Nadmo Director General visits fire scenes in Kumasi

BY: Kwadwo Baffoe Donkor
• Mr Eric Nana Agyemang-Prempeh (3rd from left) and his men at Aboabo

The Director General of the National Disaster Management Organisation (NADMO), Mr Eric Nana Agyemang-Prempeh, has called for broader stakeholder consultations on the relocation of the Dagomba Line slum at Aboabo in the Asokore Mampong Municipality in the Ashanti Region to forestall future fire outbreaks.

He said there were too many fires occurring in the area which demanded that a meeting be held among his outfit, Kumasi city authorities and other stakeholders to find a lasting solution to the development.

Aside from its unplanned nature, he said, the materials used in erecting the living abodes and the kinds of activities that took place in the Dagomba Line made the slum susceptible to fire outbreaks.

Mr Agyemang-Prempeh was speaking to the media after a tour of three areas in Kumasi that were recently affected by fire — the Dagomba Line, the Aboabo Station at Alabar, where 30 shops in a storey building got destroyed and the Suame Magazine.

The visit was undertaken to express sympathy to the people who lost properties and investments.

It was also to assess the situation on the ground and make recommendations to the government for assistance.

Dagomba Line

The Dagomba Line slum, which houses hundreds of head porters and scrap dealers, was last Monday, January 11, ravaged by fire which destroyed close to 500 wooden structures serving as dwelling places for the people living there.

Meanwhile, the people have begun erecting new structures to replace the old ones destroyed in the fire even before the NADMO director general and his team could finish with their assessment of the situation.

At the time of the visit, some of the residents were seen busily working on their homes.

Mr Agyemang-Prempeh said it was not the first time the place had got burnt, “but whenever there is a fire, the people begin rebuilding in the next two hours”.


He expressed concern over the safety of the structures they were putting up and the lives of the people.

He said the haphazard manner in which the structures had been arranged was a recipe for disaster, noting that it was little surprise that many structures were affected in the inferno.

He was also of the view that the activities that took place in the enclave were also a major contributory factor to the recurrent fire incidents.

“The saddest aspect is that it is the same people who burn tyres at the place who burn the place down. Can we allow this to continue forever?” he asked.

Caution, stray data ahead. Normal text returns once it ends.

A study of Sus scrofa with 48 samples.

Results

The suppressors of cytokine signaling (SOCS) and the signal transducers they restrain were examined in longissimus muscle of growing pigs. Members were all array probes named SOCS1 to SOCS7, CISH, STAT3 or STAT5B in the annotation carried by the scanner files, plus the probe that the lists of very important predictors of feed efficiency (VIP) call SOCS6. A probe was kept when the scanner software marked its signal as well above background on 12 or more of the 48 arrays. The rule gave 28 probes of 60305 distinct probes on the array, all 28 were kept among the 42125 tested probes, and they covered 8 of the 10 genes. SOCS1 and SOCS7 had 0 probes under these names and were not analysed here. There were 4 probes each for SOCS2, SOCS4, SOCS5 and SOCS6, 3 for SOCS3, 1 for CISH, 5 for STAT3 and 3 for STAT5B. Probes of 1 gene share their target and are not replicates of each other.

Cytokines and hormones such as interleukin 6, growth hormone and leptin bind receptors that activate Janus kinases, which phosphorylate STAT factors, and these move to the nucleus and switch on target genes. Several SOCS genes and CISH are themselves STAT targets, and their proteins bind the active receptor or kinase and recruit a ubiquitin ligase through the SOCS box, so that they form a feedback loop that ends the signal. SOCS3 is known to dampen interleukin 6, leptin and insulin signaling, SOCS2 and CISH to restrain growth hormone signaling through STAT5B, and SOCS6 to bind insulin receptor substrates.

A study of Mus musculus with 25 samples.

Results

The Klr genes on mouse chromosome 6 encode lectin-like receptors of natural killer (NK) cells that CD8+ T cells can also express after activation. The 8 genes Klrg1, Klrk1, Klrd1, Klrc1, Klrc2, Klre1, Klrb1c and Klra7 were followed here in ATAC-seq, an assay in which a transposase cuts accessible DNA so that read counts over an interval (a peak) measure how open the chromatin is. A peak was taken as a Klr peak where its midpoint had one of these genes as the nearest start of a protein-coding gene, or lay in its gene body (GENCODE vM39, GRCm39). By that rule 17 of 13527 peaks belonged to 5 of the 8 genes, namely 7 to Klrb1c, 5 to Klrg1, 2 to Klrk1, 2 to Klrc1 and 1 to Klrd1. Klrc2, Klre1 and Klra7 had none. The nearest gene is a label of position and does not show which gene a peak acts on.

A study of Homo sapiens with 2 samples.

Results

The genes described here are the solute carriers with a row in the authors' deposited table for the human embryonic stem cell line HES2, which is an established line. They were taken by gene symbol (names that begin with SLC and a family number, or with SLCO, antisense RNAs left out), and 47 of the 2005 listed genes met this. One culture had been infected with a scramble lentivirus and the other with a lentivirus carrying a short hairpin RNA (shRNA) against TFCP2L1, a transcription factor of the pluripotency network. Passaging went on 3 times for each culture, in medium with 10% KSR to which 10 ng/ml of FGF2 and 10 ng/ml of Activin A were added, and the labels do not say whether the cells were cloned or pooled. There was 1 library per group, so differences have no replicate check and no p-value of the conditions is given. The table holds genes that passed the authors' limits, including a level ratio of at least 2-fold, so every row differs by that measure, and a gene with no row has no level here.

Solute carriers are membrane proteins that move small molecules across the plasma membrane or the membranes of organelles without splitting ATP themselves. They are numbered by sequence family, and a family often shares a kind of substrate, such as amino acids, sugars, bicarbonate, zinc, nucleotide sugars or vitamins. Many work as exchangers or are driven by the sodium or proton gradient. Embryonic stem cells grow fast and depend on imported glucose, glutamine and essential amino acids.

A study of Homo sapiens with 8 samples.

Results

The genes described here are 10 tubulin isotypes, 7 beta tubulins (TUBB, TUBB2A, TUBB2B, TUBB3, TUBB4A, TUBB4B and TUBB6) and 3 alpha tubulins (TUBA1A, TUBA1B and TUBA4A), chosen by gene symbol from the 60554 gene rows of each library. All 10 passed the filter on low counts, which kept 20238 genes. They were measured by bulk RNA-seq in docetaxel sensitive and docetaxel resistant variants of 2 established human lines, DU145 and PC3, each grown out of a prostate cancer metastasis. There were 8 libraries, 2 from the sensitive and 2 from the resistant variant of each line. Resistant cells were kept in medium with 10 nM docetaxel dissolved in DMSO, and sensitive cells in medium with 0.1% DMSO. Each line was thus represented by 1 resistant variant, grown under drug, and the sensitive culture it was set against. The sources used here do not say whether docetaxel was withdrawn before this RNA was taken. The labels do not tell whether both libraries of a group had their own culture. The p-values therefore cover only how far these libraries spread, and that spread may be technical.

He called on all stakeholders, including the ministries of Works and Housing and Local Government and Rural Development, “to sit down and look for a way forward. Are the people going to be still allowed to stay there without proper planning?”


Commenting on the Suame  incident in which a two-storey building full of vehicle spare parts got consumed by fire last Monday morning, the director general said there was the need to re-demarcate the place to give it a befitting status, “such that there can be ways leading in and out and proper buildings erected, so we don't experience such fires again”.

“Again, this is not the first time. Last year, one part of the area got burnt and today another part has gone up in smoke; it is not the best. Today no life was lost, but we may wake up to some unfortunate news tomorrow. Even though no life was lost, a lot of properties were destroyed,” he said.


At Aboabo, Mr Agyemang-Prempeh advised property owners to liaise with city authorities, particularly city engineers to have the integrity of the building assessed and for engineers to advise them on the way forward.

He said from observation, it was easy to see that the building had developed cracks and posed a great danger to people living around.

He urged them to seek professional advice on what to do before beginning any new development.

At the time of the visit, some of the store owners were seen packing items that had not been destroyed in the fire out of the store rooms.

As the fire was raging, most of the stores on the first floor were brought down to enable personnel from the Fire Service to gain easy access to the fire to extinguish it.